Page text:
Knees of a Natural Man by Henry Dumas
"A young black man, Henry Dumas, went through a turnstile at a New York City subway station," reads an invitation by Toni Morrison for a posthumous book-launch party she threw fo
r Dumas in 1974, six years after he died. "A transit cop" — who was white — "shot him in the chest and killed him. Circumstances surrounding his death remain unclear. Before that happened, however, he had written some of the most beautiful, moving and profound poetry and fiction that I have ever in my life read." (https://www.npr.org/sections/codeswitch/2015/10/01/433229181/henry-dumas-wrote-about-black-people-killed-by-cops-then-he-was-killed-by-a-cop)
It is more than fitting and oddly coincidental that I'd choose this book of poems to review this week, of all weeks. If you have not read Henry Dumas, you should. He's one of those often overlooked, deeply underrated, talented artists whose life was sadly cut short, but he left the gift of his literary expression behind as part of his legacy. This book in particular covers a lot of ground subject-wise, but is deeply relatable and does an excellent job of giving voice to the Black experience. #nationalpoetrymonth
Once when I was free
African sun woke me up green at dawn.
African wind combed the branches of my hair.
African rain washed my limbs.
African soil nourished my spirit.
African moon watched over me at night.
I have to adore the earth:
The wind must have heard
your voice once.
It echoes and sings like you.
The soil must have tasted
It is laden with your scent.
The trees honor you
and blush when you pass.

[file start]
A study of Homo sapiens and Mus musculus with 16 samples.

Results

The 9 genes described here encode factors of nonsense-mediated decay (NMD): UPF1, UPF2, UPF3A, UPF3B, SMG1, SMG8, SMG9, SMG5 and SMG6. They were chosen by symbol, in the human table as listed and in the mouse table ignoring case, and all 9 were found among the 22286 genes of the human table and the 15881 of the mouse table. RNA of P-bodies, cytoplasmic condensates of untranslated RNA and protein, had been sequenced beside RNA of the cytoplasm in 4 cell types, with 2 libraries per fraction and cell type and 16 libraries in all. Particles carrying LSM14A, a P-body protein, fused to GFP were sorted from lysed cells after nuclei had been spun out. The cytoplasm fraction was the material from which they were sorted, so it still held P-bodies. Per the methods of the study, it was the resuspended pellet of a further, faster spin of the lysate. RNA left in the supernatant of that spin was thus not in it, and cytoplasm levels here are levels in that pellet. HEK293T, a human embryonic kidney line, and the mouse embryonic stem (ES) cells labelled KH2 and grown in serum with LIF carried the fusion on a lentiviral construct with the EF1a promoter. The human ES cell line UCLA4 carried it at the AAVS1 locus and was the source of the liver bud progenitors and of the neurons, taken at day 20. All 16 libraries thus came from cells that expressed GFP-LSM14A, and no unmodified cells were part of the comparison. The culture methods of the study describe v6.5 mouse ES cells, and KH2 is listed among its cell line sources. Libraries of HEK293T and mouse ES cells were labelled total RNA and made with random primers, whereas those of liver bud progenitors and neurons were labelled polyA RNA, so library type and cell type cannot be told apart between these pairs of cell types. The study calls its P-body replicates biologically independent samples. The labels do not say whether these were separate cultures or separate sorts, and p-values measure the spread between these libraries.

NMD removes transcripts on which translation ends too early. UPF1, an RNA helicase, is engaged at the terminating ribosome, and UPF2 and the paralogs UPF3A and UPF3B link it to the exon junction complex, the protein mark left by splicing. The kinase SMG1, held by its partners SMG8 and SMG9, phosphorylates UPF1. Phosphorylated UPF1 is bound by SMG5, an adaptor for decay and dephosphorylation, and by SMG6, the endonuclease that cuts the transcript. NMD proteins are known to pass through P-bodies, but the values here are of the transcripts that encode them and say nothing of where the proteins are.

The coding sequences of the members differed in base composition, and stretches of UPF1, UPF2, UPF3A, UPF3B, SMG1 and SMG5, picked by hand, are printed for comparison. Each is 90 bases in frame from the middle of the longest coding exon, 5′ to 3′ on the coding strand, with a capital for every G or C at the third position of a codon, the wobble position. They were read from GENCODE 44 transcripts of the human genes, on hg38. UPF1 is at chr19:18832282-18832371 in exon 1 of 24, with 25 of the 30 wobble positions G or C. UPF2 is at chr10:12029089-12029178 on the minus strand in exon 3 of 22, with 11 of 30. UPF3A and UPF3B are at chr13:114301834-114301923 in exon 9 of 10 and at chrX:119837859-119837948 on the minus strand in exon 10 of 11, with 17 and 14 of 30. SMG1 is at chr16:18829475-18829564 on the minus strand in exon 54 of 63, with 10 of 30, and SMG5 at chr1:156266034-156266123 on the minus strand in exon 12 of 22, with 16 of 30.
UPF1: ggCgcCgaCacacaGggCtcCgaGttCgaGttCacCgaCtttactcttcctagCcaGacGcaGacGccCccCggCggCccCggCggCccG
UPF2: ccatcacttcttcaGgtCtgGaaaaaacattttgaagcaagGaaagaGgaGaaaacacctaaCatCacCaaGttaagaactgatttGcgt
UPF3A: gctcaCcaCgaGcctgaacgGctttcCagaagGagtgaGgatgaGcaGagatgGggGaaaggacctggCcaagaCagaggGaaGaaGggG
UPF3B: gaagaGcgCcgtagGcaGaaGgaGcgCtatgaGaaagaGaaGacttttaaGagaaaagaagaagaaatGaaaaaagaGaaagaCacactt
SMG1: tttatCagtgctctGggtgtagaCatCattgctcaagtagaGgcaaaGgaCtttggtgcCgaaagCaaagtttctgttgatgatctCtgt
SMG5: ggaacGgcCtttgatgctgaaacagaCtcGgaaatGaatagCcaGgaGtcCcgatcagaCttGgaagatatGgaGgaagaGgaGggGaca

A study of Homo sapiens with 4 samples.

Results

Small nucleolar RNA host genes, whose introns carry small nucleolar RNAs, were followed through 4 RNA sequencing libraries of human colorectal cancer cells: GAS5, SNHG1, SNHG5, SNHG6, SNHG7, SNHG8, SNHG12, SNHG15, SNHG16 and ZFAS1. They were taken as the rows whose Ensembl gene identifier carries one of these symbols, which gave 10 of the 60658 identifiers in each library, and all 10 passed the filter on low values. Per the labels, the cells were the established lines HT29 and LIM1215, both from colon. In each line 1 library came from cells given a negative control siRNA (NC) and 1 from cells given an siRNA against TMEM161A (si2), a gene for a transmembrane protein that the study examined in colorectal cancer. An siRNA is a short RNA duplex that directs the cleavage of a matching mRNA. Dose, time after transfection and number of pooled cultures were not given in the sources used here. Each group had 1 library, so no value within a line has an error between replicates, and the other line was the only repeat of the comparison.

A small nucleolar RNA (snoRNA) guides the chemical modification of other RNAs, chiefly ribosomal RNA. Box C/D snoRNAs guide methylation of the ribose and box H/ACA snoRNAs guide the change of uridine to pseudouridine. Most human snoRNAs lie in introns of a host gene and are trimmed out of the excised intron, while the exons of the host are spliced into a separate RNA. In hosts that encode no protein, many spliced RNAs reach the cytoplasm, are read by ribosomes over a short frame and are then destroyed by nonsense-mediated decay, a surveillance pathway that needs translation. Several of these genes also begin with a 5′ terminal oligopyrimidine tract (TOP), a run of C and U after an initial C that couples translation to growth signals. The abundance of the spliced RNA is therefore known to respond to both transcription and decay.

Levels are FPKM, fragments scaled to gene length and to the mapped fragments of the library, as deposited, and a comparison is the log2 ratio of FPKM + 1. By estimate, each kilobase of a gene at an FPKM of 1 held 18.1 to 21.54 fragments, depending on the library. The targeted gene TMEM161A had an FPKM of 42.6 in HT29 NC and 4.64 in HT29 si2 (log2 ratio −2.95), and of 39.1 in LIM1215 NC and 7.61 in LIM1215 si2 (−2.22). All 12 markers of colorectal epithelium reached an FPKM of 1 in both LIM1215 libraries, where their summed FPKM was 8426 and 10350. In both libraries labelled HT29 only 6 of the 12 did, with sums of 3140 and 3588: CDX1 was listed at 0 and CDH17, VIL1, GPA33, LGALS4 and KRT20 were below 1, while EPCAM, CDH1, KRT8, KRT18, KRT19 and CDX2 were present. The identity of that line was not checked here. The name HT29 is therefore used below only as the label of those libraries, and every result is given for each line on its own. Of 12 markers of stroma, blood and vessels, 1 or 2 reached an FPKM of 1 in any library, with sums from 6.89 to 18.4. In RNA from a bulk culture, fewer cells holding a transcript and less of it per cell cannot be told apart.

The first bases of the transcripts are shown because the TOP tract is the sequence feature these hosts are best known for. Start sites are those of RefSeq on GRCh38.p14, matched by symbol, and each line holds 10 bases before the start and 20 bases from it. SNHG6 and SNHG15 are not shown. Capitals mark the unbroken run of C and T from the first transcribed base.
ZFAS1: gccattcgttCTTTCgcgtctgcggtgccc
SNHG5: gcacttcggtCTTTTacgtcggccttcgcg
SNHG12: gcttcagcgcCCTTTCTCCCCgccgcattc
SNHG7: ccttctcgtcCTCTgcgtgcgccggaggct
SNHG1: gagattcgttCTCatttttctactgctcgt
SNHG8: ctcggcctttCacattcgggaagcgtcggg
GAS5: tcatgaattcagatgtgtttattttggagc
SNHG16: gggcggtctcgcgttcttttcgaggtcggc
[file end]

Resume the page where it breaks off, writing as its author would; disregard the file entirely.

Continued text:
I know why the north country
It has been trying to preserve
I know why the desert
burns with fever.
It has wept too long without you.
On hands and knees,
the ocean begs up the beach,
and falls at your feet.
I have to adore
the mirror of the earth.
You have taught her well
how to be beautiful.
"Love Song" from Knees of a Natural Man by Henry Dumas
The forward of Knees of a Natural Man describes Henry Dumas as a "cultural stabilizer. Cultural modulator. Funkadelic verb-gymnast. With a perpetual creative edginess and a thirst for sacred-secret knowledge." Reading his poetry captures all of these dimensions but also his uncompromising commitment to Black people.
Using his life experiences as the foundation, combined with his knowledge of literature, religion, and culture, Dumas sought to be a unifier in the Black existence. He not only set out to educate but edify by exposing his audience to African traditions and uniquely Black narratives.
His work is funny but serious, sacred and sensual. It is not forced. In many ways it is even easy. But it is loaded with knowledge, wisdom, spirituality, incredible self-awareness and love. Love for self. Love for his community. And ultimately love for the written word.